Renaissance Learning just published a report based on research completed by Accelerated Reader which followed 9.8 million students from 31,633 schools who read 330 million books, our students read the most books in grades 2 and 3 and the least in grades 11 and 12. Not only does the number of books decrease but so do the number of words that the students read. In first grade, students read 25,000 words; this continues to rise to 436,000 in grade six. What is astonishing is that the number of words read decreases to 300,000 by then end of high school.


Why should these numbers matter? The more students read, the more they can build their vocabulary. The knowledge of words and word meanings is tantamount to comprehension of the passage. As students get older, we expect them to read text that is more complex which means that the student’s vocabulary must expand and grow.  As educators we must be able to offer the opportunities necessary for students to interact with the new and growing words that they must become accustomed to for reading comprehension. Their exposure must be repeated and independent reading should not be the only method of coverage but we should make sure that they are reading enough to build their own personal mind dictionary.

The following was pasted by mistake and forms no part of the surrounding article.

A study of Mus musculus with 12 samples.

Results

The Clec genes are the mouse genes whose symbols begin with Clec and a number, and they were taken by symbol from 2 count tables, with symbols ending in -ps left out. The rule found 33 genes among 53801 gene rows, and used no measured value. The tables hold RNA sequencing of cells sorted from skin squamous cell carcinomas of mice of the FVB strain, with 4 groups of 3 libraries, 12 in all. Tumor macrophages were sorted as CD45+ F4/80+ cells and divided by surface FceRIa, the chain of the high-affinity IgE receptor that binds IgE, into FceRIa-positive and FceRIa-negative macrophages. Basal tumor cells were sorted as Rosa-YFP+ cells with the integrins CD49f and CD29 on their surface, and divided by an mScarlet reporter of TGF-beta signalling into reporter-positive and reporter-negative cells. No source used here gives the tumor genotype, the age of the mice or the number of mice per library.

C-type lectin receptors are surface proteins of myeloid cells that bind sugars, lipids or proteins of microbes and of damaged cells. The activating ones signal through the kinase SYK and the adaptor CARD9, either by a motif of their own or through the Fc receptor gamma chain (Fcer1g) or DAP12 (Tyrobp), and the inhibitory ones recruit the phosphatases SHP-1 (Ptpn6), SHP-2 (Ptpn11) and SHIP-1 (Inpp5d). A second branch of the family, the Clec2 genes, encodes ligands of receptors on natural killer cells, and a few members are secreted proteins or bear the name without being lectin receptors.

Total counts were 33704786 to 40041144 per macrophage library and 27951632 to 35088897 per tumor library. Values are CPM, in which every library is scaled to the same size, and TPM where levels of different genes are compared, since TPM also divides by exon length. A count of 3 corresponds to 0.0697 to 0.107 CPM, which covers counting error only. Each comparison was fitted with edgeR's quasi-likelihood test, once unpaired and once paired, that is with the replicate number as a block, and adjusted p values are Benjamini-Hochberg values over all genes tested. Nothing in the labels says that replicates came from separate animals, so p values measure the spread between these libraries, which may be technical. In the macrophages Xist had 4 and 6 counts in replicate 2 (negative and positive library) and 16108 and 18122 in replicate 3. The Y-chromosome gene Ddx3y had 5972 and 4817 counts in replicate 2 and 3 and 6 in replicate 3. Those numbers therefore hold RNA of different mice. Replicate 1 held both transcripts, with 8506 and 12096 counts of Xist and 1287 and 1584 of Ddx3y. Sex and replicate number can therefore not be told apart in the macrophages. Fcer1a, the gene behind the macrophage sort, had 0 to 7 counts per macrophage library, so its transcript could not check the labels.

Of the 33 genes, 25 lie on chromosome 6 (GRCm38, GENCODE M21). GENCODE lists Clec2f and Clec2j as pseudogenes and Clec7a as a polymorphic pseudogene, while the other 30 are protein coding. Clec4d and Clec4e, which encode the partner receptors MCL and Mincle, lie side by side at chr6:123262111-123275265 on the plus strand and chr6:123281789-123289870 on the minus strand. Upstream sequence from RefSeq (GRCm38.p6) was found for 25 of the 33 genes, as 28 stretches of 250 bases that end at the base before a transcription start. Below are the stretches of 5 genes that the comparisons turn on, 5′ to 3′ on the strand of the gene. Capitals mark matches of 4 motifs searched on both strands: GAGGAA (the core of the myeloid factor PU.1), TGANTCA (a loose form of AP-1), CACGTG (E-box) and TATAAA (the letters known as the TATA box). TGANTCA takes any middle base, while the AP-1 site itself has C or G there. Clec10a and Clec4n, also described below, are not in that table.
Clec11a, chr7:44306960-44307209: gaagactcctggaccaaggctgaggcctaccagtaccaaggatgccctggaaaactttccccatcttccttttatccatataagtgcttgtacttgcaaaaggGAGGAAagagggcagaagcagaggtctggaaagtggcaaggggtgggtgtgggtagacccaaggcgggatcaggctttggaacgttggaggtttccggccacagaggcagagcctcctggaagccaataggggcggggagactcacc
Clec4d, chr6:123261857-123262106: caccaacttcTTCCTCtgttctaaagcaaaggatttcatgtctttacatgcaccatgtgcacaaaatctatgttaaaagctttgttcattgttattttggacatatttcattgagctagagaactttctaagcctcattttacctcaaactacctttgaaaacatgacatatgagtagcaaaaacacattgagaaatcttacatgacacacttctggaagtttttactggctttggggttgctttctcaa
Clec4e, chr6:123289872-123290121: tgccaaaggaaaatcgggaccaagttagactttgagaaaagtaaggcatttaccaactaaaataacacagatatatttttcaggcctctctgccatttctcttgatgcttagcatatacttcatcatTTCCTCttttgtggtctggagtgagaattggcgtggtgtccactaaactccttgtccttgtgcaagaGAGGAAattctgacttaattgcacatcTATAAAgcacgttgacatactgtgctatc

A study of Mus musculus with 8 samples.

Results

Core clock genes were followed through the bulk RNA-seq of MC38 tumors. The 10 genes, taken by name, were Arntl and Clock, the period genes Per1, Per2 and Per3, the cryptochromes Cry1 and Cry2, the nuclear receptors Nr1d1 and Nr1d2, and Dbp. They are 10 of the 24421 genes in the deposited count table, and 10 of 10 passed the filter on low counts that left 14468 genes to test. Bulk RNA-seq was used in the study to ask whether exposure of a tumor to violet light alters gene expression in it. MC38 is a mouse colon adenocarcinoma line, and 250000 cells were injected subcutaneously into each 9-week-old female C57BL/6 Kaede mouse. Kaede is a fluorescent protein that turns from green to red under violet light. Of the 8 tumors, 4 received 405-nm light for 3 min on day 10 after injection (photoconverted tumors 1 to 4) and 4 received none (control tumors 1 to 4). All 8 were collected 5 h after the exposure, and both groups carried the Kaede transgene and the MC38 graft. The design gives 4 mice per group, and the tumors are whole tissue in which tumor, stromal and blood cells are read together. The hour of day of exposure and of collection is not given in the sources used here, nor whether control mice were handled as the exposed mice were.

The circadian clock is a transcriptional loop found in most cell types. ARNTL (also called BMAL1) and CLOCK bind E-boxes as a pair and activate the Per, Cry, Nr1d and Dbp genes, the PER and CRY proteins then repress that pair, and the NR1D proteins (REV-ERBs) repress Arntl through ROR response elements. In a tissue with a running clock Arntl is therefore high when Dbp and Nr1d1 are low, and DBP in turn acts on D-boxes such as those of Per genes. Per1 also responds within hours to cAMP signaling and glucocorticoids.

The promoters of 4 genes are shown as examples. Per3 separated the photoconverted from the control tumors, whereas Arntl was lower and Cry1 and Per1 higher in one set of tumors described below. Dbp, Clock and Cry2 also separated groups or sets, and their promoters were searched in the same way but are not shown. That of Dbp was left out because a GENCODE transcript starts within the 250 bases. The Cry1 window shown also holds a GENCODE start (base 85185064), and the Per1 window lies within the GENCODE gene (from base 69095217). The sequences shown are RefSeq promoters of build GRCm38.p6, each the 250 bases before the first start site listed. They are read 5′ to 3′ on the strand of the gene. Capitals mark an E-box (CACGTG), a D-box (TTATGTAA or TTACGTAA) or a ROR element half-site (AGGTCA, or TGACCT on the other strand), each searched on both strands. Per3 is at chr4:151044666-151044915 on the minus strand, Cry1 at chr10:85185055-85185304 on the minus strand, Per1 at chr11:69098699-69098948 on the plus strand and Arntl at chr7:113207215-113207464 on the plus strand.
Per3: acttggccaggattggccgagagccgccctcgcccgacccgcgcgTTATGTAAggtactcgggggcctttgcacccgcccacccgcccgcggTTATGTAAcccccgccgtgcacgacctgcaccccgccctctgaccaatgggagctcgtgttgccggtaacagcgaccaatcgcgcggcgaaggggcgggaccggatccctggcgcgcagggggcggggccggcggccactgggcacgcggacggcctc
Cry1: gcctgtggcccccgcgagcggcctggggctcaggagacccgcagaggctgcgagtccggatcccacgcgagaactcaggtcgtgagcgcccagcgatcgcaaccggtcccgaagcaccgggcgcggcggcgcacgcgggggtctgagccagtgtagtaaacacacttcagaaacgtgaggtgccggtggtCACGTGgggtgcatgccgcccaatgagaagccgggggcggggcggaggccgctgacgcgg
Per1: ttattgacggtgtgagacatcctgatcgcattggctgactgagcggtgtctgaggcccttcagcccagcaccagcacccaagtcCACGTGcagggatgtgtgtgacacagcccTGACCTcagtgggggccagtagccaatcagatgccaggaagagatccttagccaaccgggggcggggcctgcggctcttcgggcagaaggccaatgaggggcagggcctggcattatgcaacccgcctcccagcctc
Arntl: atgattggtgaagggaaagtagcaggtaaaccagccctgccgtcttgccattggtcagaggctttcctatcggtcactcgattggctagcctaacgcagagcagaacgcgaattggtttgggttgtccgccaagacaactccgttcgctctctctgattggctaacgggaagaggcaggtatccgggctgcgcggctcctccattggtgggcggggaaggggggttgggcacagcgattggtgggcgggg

reading circle

Direct Instruction allows the teacher to direct the learning of vocabulary.

Most experts agree that any method of teaching vocabulary should include direct (teacher centered) and indirect teaching (student centered). Students should be able to experience receptive learning (listening) as well as productive learning (applying). Since the range of teaching and learning styles vary so greatly, it should be easy to fit vocabulary teaching into any course. Science is often the one course that is seen as the toughest and most demanding of vocabulary instruction.

Readorium’s Rising Reader and Scholar programs both afford your students the opportunities needed to learn a wide range of vocabulary. Each book mentor reads the book and allows students to click on the interactive glossary to listen to definitions and watch explanations of the meanings in a direct receptive manner. The interactivity which allows students to use the words in the glossary as well as in the Word Wizard World and the Vocabulary Challenges give the students the ability to experience the indirect productive learning styles.